Labour councillors in South Gloucestershire are questioning whether the ruling Conservatives have been playing games by proposing a plan for the district’s libraries which they have now quickly ditched. The Tory Council recently consulted on a controversial plan to turn the majority of the district’s libraries into ‘satellites’ that would be open just 18 hours a week. This plan led to the formation of ‘save our library’ campaigns across the district, with users making their opposition clear.

Now, in a report going to a committee for decision next week, the council has effectively ripped up that plan and is instead recommending a brand new proposal which would see libraries open for much longer hours, although many of them would be unstaffed. The report claims that the ‘Open Plus’ model being proposed has been “successfully adopted” by several other councils.

Ian_Library.jpgCouncillor Ian Boulton, Labour’s spokesperson on library issues, has welcomed the change of heart but is questioning the Tories’ actions. Councillor Boulton says:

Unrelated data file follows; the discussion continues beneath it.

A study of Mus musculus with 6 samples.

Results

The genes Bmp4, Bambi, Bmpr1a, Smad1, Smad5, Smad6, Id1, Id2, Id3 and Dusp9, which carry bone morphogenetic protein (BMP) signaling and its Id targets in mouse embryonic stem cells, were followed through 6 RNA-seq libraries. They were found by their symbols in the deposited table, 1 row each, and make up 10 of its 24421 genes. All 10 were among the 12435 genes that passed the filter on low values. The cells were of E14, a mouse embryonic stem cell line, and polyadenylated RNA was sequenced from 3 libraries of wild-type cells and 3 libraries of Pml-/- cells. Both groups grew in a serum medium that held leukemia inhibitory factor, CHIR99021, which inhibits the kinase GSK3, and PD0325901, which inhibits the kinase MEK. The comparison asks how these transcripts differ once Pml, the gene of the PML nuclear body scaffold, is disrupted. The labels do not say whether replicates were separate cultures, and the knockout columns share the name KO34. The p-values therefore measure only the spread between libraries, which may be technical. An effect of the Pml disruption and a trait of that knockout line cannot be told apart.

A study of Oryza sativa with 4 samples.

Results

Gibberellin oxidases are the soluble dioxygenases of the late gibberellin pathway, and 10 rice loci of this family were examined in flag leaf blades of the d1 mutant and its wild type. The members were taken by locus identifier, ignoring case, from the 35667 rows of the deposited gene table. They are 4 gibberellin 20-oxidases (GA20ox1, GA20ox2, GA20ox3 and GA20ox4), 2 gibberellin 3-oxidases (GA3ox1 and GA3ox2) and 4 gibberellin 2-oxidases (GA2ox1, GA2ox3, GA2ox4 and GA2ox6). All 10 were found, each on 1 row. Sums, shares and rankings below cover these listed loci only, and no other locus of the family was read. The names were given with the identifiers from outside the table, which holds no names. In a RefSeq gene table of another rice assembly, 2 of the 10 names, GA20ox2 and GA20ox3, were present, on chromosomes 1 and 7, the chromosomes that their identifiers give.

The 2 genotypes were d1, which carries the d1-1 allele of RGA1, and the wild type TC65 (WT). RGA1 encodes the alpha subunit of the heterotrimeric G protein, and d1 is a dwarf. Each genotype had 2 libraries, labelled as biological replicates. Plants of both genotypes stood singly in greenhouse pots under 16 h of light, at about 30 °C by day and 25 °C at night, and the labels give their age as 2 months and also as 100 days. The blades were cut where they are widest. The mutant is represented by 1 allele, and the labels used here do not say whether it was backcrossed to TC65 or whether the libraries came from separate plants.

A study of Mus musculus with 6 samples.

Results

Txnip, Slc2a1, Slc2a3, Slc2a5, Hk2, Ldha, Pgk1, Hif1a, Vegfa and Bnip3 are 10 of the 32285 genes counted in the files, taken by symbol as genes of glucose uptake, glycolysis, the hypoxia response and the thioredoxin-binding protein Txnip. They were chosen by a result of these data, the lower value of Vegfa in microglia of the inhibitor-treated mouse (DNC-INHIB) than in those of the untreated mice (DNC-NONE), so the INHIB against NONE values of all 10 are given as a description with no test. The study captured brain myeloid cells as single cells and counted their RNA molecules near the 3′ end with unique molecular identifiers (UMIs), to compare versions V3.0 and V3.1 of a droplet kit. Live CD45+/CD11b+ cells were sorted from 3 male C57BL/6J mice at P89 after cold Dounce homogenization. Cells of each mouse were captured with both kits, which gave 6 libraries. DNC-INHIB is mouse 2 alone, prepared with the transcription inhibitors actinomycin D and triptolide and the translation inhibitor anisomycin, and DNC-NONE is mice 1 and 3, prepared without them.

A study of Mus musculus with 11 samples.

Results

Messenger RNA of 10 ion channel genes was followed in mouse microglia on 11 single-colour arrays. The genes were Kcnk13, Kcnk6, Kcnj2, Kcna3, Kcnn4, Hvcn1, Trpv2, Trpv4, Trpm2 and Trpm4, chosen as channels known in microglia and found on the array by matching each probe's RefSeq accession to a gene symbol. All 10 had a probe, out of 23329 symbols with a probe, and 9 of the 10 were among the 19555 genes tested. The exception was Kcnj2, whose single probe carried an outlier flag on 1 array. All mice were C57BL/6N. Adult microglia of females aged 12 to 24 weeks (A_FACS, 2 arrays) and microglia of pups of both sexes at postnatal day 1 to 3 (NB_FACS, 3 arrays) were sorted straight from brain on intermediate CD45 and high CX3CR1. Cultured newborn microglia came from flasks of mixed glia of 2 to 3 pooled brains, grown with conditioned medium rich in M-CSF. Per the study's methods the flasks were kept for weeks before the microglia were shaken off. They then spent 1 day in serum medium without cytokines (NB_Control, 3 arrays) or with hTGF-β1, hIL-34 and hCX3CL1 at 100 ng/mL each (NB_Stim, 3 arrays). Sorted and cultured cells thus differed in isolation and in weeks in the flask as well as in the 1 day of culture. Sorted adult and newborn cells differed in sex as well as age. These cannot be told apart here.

“The previous plan would have seen most of South Gloucestershire’s libraries reduced to a shadow of themselves so I obviously welcome it being dropped. We still have a lot of questions about this new ‘Open Plus’ proposal, especially in relation to staffing and security, and we will be pursuing those.

Over the last few months we have been working with campaigners in South Gloucestershire to highlight the disastrous Conservative proposals to cut our local library services. I suspect that the first question that most of the campaigners will be asking is: why have the Tories put us through all this anxiety when there was an alternative option available? ‘Open Plus’ has not been dreamt up in the past few weeks and it should have been the basis of the consultation.

I think it fair to question whether the Tories are in fact playing games by proposing something unpopular and then toning it down in an attempt to claim they have listened to the public. We have seen the same pattern with Kingswood Civic Centre, where an unpopular original proposal was subsequently modified.

Of course, South Gloucestershire would not have to pursue library cuts of this magnitude if Conservative councillors had backed Labour’s proposal to invest £460k into libraries rather than shave 50p a month off of the green bin subscription when we set the council’s budget in February.”